The deadly storm that hammered southern Santa Barbara County early Tuesday damaged the Montecito Water District’s distribution system and drained its storage reservoirs, while compromising the South Coast Conduit that connects the area to Lake Cachuma.
The district serves about 4,500 customers in Montecito and Summerland and many of them had no water service as of Wednesday, and the district had very minimal supplies for those who do, said Nick Turner, general manager of the Montecito Water District.
Its primary distribution water main runs along the reservoirs, which are stationed along East Mountain Drive at a high point in the district.
The reservoirs, which are large storage tanks, hold 12 million gallons and two were closed at the time.
An estimated 8 million to 9 million gallons flowed out of the reservoirs “with the majority of that going down the creeks” after the pipeline was damaged Tuesday, according to Turner.
While the district has an automatic SCADA system to monitor pipelines and shut valves when necessary, it doesn’t work without power.
Power was out during the storm and the district’s backup generators do not all come on automatically.
“There is an automatic system, SCADA, but with the power off and no way to access the site to get generators up and running, SCADA doesn’t work without power,” Turner said.
There is also damage to the South Coast Conduit, which connects Lake Cachuma to the Goleta Valley, Santa Barbara, Montecito, Summerland and Carpinteria.
“We believe there is at least one part of the conduit that was compromised before it reaches Montecito,” Fray Crease, manager of the Santa Barbara County Water Agency, told Noozhawk.
The break is in the area of Cold Spring Canyon, she said, and crews from the Cachuma Operation and Maintenance Board were on scene Wednesday making an assessment and trying to determine both short-term and long-term fixes.
“They’re going to dig it out and see what kind of damage is there,” Crease said.
COMB general manager Janet Gingras did not respond to a request for comment.
Turner said Montecito Water District crews and contractors are assessing damage to the “high line” transmission pipeline along the reservoirs and at least three other significant repair spots within the pipeline distribution system.
The storm’s debris flows sheared off at least 20 hydrants in the district, which were later manually shut off, Turner added.
Montecito is working on restoring its system, whether through temporary or permanent fix, but is also waiting on repairs to the South Coast Conduit, Turner said.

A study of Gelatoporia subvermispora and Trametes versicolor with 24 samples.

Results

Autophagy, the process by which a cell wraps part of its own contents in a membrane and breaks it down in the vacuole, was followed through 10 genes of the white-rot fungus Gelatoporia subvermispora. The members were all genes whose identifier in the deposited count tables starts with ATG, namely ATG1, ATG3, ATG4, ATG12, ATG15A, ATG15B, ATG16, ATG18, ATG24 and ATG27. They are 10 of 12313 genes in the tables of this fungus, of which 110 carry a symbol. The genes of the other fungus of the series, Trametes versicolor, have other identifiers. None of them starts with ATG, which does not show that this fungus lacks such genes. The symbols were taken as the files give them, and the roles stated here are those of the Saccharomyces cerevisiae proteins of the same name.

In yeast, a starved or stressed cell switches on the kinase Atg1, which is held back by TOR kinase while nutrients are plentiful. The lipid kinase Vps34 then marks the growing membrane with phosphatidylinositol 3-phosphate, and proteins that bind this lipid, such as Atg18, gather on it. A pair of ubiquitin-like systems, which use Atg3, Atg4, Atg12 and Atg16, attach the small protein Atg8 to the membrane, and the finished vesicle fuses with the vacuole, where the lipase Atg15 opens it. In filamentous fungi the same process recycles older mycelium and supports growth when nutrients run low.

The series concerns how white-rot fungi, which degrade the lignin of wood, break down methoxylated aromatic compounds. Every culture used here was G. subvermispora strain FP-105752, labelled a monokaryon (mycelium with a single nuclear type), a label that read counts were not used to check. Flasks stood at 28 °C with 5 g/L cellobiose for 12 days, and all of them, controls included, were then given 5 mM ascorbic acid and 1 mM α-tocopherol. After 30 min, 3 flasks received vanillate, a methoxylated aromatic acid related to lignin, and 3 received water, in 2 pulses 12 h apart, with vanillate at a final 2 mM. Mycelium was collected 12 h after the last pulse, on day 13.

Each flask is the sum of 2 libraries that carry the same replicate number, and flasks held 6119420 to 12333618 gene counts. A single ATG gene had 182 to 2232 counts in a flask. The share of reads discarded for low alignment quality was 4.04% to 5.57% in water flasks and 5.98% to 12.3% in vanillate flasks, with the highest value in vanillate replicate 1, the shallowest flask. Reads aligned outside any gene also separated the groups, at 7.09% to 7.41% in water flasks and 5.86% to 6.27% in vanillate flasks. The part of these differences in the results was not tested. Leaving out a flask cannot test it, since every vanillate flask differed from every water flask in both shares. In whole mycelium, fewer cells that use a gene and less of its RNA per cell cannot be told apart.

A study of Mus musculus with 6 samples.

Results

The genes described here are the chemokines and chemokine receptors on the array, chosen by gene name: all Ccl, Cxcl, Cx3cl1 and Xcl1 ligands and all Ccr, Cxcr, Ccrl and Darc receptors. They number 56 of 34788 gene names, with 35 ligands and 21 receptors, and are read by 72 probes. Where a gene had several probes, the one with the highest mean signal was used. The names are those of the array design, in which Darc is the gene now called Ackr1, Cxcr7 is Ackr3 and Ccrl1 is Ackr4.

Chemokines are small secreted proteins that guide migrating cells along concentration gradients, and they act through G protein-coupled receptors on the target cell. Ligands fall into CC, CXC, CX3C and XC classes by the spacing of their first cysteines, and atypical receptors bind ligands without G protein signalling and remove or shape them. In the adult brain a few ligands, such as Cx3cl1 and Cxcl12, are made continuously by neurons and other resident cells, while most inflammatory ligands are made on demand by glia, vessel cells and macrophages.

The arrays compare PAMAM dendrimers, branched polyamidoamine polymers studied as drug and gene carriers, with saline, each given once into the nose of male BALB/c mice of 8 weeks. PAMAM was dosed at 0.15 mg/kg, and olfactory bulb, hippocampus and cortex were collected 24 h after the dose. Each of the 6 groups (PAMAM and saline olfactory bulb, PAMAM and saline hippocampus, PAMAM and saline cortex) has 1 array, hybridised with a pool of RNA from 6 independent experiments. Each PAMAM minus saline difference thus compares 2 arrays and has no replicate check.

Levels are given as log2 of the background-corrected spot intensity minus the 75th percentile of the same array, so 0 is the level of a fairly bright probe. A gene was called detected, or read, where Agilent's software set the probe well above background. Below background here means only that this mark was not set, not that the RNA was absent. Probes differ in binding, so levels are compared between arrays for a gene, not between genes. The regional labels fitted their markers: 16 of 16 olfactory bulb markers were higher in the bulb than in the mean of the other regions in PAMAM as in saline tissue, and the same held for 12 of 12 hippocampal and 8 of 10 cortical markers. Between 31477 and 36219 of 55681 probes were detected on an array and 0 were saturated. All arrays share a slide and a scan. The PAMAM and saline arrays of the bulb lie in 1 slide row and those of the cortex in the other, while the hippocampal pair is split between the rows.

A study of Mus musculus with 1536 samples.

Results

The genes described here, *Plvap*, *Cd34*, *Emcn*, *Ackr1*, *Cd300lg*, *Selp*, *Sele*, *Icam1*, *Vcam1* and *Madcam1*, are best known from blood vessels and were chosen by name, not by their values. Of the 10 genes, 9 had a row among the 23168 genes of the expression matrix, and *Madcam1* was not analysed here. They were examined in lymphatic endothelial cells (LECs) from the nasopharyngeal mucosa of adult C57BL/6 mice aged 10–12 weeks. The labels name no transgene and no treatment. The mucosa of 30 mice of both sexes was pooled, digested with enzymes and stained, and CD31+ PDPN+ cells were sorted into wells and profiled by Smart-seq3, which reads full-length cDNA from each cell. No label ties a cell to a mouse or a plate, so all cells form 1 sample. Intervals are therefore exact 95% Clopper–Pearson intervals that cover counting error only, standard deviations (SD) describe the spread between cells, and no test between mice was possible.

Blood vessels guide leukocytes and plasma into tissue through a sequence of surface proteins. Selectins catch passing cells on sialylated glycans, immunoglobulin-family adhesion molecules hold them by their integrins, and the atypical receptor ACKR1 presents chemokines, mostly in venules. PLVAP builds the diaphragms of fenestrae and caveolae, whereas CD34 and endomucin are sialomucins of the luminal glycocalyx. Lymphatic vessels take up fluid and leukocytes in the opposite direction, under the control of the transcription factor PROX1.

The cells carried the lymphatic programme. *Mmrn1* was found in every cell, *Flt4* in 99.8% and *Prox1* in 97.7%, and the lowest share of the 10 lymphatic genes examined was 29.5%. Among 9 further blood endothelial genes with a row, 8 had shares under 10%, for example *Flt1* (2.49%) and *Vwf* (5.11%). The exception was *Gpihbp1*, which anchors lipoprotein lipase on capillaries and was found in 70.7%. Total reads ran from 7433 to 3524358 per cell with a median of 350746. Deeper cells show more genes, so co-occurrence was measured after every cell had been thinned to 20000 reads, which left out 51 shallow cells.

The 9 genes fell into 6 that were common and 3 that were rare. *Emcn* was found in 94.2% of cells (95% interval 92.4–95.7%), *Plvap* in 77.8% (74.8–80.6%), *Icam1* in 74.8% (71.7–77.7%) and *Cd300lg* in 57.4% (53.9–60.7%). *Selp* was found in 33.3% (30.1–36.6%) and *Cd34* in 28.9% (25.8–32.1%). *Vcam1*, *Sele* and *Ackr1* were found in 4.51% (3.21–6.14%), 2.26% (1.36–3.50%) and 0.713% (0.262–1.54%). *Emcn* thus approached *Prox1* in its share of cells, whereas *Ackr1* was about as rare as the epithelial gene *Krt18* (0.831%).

“Until that system is up and running, and they’re on it from what we know, we won’t have the ability to fully charge our system again,” Turner said.
Adding to Montecito’s water problems is possible damage to the pipeline between Jameson Reservoir and Doulton Tunnel and its lack of substantial groundwater supplies.
Groundwater makes up about 15 percent of Montecito’s annual water supply, with the rest coming from surface water from Cachuma and Jameson.
There is “very little water supply” since the district lost all its stored water, has reduced deliveries from Jameson and no water from the South Coast Conduit, Turner said.
Turner had no estimate on how long the outages would last or how widespread the water outages were within the district, noting that crews still cannot access certain areas because of storm debris.
He’ll have a better idea once crews can access all the facilities and see what other repairs need to be done, he said.
It could be days or as much as a week, he added.
The district hopes to get some emergency funding for repairs.
Some Summerland customers have water service, from the Ortega Ridge reservoir, and it could last a while if people conserve their use, Turner said.
He asked people to only use water for essential uses, if they have service.
Emergency officials have discussed the possibility of trucking in potable water for Montecito residents, Crease said, although that would provide only very limited supplies.
The Carpinteria Valley Water District is also affected by the break in the South Coast Conduit, but is able to relying on groundwater, according to General Manager Robert T. McDonald.
“We’re lucky and fortunate to have groundwater supplies,” McDonald said. “As far as water supply, we have enough well capacity to meet our current demand.”
The district’s 4,500 metered customers use about 3 million gallons of water a day, McDonald said.
Damage from the flooding to the district’s infrastructure was minimal, McDonald said — “a couple of main breaks were were able to isolate pretty quickly.”
The Montecito Water District issued a boil water notice to all its customers because of the loss of water storage in the reservoirs and the water main breaks.
The Santa Barbara County Environmental Health Services issued a closure notice to all restaurants, markets and other facilities serving food within that area.